By Chet Yarbrough
By Jonathan Haidt
Narrated by Jonathan Haidt
Jonathan Haidt believes there is an answer to Rodney King’s question, “Can We All Get Along?”
As most may remember, Rodney King was beaten by police officers after a high speed chase in March of 1991 that led to the 1992 Los Angeles Riots. Haidt’s short answer is yes, but we are not there yet. The long answer is explained in “The Righteous Mind”. Jonathan Haidt believes the answer lays in human morality.
Is morality innate or learned? Jonathan Haidt says it is both. Not a simple answer but a persuasive argument. Haidt argues that the human mind is the seat of morality. He suggests moral imprinting occurs in humans at birth. However, imprinting is not fully formed. Haidt argues that human morality is like the first draft of a book with an outline that is filled in as one grows into adulthood. Haidt suggests that humankind is 90% monkey and 10% bee. The monkey’ part is individualistic. The bee’ part is hive bound or group oriented. Haidt believes morality is seated in the hive bound nature of society. Bees organize; i.e. establish rules of conduct based on group rather than individual needs.
Haidt believes that human brains are evolutionarily imprinted with a moral foundation made up of six fundamental hive oriented beliefs:
- Care/harm for the other, protecting all from harm.
- Fairness/cheating, a concept of justice, treating others in proportion to their actions.
- Liberty/oppression, judgments on whether subjects are tyrannized.
- In group Loyalty/betrayal-to your group, family, nation.
- Authority/subversion with a notion of respect for tradition and legitimate authority.
- Sanctity/degradation, a concept of purity, avoiding disgusting things, foods, actions.
Haidt argues that these moral foundations are inherent in human beings and refined in good and bad ways by social experience. He believes morality comes from imprinting that occurs, within these six fundamental categories of belief, when humans congregate (hive) to accomplish common purpose. Haidt links grouping (hives) and moral belief to instinct.
Haidt is an avowed political liberal. He argues that political differences between liberals and conservatives revolve around human morality viewed from group norms of behavior; i.e. rather than having political positions come from an individual rational mind, they come from an instinctual belief that presages reason. Both conservatives and liberals reason with a rational mind but each begins their reasoning from instinct based on grouping’ norms.
Haidt pictures instinct as an elephant with reason as a rider. The elephant is instinct formed by human’ grouping and the rider is reason formed by individual’s minds. Human reason is hugely influenced by instinct. The elephant is big. The rider is small. If the elephant wants to move in a particular direction, the rider is led by group instinct (the elephant) and uses the reasoning mind to justify the instinct.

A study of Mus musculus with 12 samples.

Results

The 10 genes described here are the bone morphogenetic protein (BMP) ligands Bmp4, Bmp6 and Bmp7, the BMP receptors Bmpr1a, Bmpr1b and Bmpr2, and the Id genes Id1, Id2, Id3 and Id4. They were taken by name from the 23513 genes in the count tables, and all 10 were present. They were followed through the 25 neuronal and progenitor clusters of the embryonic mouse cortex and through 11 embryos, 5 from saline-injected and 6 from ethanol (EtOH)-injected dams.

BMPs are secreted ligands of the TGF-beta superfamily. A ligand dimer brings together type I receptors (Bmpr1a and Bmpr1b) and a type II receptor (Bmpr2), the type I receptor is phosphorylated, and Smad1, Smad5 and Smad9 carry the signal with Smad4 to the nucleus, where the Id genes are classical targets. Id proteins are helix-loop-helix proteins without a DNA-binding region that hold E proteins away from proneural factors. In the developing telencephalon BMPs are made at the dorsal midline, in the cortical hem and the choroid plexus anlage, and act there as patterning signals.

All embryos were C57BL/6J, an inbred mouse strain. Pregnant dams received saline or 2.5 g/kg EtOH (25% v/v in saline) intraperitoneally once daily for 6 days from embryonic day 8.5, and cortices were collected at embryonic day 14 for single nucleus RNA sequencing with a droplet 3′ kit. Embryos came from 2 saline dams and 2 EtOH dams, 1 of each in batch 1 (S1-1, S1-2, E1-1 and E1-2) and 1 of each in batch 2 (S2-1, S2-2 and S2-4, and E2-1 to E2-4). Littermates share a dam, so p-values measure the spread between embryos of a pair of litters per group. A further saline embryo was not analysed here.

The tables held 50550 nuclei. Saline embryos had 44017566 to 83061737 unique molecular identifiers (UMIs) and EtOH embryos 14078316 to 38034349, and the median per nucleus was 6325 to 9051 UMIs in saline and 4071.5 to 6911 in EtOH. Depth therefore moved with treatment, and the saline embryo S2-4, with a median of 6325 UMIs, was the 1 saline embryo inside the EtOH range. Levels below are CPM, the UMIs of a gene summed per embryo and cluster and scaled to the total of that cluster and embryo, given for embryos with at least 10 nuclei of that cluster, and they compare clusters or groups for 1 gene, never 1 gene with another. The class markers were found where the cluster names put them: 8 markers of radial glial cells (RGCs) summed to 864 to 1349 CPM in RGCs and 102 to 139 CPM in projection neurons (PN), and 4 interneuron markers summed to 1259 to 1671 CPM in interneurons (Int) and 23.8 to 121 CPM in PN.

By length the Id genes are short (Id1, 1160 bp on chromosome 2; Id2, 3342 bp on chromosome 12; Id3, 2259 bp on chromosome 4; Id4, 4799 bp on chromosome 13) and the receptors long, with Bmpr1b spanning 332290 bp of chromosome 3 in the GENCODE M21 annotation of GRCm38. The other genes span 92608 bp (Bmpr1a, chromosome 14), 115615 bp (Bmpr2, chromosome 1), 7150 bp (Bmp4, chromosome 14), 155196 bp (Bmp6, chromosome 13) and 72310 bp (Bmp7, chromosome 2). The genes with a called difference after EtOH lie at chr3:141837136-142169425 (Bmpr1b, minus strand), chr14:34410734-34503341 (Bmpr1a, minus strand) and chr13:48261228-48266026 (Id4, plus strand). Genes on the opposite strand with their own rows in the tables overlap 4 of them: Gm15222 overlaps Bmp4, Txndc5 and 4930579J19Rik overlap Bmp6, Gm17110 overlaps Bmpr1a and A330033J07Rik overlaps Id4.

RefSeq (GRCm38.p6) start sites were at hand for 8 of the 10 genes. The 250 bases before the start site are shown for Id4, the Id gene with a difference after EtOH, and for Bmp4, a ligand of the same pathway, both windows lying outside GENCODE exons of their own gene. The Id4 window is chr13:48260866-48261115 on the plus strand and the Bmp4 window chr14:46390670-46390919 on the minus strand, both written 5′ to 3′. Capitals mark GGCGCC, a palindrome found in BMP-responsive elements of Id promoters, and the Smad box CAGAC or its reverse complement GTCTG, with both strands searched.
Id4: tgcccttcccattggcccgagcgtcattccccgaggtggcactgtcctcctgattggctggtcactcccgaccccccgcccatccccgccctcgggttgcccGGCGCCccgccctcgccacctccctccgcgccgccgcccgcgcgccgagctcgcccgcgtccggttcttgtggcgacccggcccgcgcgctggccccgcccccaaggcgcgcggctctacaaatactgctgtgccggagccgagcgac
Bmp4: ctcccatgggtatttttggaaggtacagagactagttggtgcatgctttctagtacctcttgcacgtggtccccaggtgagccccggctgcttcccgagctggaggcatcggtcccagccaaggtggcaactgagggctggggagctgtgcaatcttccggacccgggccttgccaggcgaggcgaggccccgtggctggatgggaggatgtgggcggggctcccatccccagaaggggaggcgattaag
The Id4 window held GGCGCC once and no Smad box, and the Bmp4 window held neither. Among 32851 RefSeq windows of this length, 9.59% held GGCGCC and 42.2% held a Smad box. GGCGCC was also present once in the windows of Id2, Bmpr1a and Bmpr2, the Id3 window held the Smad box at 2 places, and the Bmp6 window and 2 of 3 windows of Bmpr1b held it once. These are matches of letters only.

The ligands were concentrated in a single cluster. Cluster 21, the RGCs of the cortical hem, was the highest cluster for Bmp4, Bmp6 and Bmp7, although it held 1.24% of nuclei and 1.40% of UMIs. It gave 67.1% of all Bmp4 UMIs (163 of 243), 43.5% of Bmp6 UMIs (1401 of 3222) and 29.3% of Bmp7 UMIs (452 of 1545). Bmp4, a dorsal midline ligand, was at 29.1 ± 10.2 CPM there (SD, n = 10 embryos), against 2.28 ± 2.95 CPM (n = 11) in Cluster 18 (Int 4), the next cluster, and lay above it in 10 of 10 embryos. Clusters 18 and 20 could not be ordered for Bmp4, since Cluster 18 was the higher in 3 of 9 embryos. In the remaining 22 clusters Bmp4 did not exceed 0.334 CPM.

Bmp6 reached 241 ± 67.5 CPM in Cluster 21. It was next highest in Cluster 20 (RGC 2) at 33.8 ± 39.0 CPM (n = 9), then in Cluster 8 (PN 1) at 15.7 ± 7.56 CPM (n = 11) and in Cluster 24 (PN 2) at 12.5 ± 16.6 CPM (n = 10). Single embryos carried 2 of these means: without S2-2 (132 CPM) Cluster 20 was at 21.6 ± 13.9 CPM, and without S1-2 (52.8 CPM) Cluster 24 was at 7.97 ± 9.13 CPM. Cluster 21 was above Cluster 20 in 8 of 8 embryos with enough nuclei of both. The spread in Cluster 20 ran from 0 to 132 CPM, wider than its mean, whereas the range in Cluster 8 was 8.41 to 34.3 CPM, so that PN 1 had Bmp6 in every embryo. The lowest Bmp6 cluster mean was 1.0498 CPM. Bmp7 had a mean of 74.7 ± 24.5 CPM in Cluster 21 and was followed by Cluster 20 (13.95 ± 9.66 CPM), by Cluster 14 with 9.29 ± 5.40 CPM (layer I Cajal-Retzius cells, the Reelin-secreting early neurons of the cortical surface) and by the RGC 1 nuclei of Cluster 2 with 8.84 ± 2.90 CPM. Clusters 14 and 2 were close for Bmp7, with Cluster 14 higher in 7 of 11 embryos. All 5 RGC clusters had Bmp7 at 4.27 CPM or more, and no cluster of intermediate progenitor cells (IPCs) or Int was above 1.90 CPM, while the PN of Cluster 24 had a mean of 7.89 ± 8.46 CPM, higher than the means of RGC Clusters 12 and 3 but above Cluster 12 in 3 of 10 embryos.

Liberals and conservatives lean in the direction of their instinct and use their intelligence to justify instinctive response. In other words, human beings use reason but most often to justify rather than elucidate. If one’s grouping instinct is politically left or right, rational arguments lean in the direction of instinct rather than truth or reality.
To successfully argue with a liberal or a conservative, one must understand the elephant. Without truly understanding the lean (group norms) of the elephant, opposing arguments are a waste of breath. Chance of changing minds lays in visiting and influencing an opponent’s instinct, the elephant in the room; i.e. the group that is (1) cared for or harmed, (2) treated or cheated, (3) freed or oppressed, (4) loyal or traitorous, (5) authoritative or subversive, (6) sacrosanct or degraded.
The most disturbing part of Haidt’s social theory is its denial of God. He argues that God is a creation of man. He suggests that a believer can believe organized religion is a creation of man but Haidt’s theory offers a powerful rationale for the denial of any God. Haidt is denying God because God is an elephant in the midst of the American population and most nations.
Haidt has an august collection of intellectual supporters, including Emile Durkhiem, and Richard Dawkins. Emile Durkhiem did not believe in God but he believed religion to be an essential ingredient of social solidarity. Dawkins, more bluntly, argues “belief in God” and religion impedes modern human progress.
We can all get along but we need to understand the moral foundations of other’s positions, respect them, and then logically attack their societal foundation. This is hard work and as Daniel Kahneman infers in “Thinking Fast and Slow”, we are not up to the task. Both Haidt and Kahneman suggest that instinct can save us but it can also lead us astray.
Haidt and Kahneman suggest it is possible to increase the level of human cooperation by more clearly understanding the nature of thinking and acting. Haidt argues that to change society’s opinion about politics or religion requires attacking the elephant in the room because reason is only an argument that follows instinct which is the foundation of society’s moral behavior.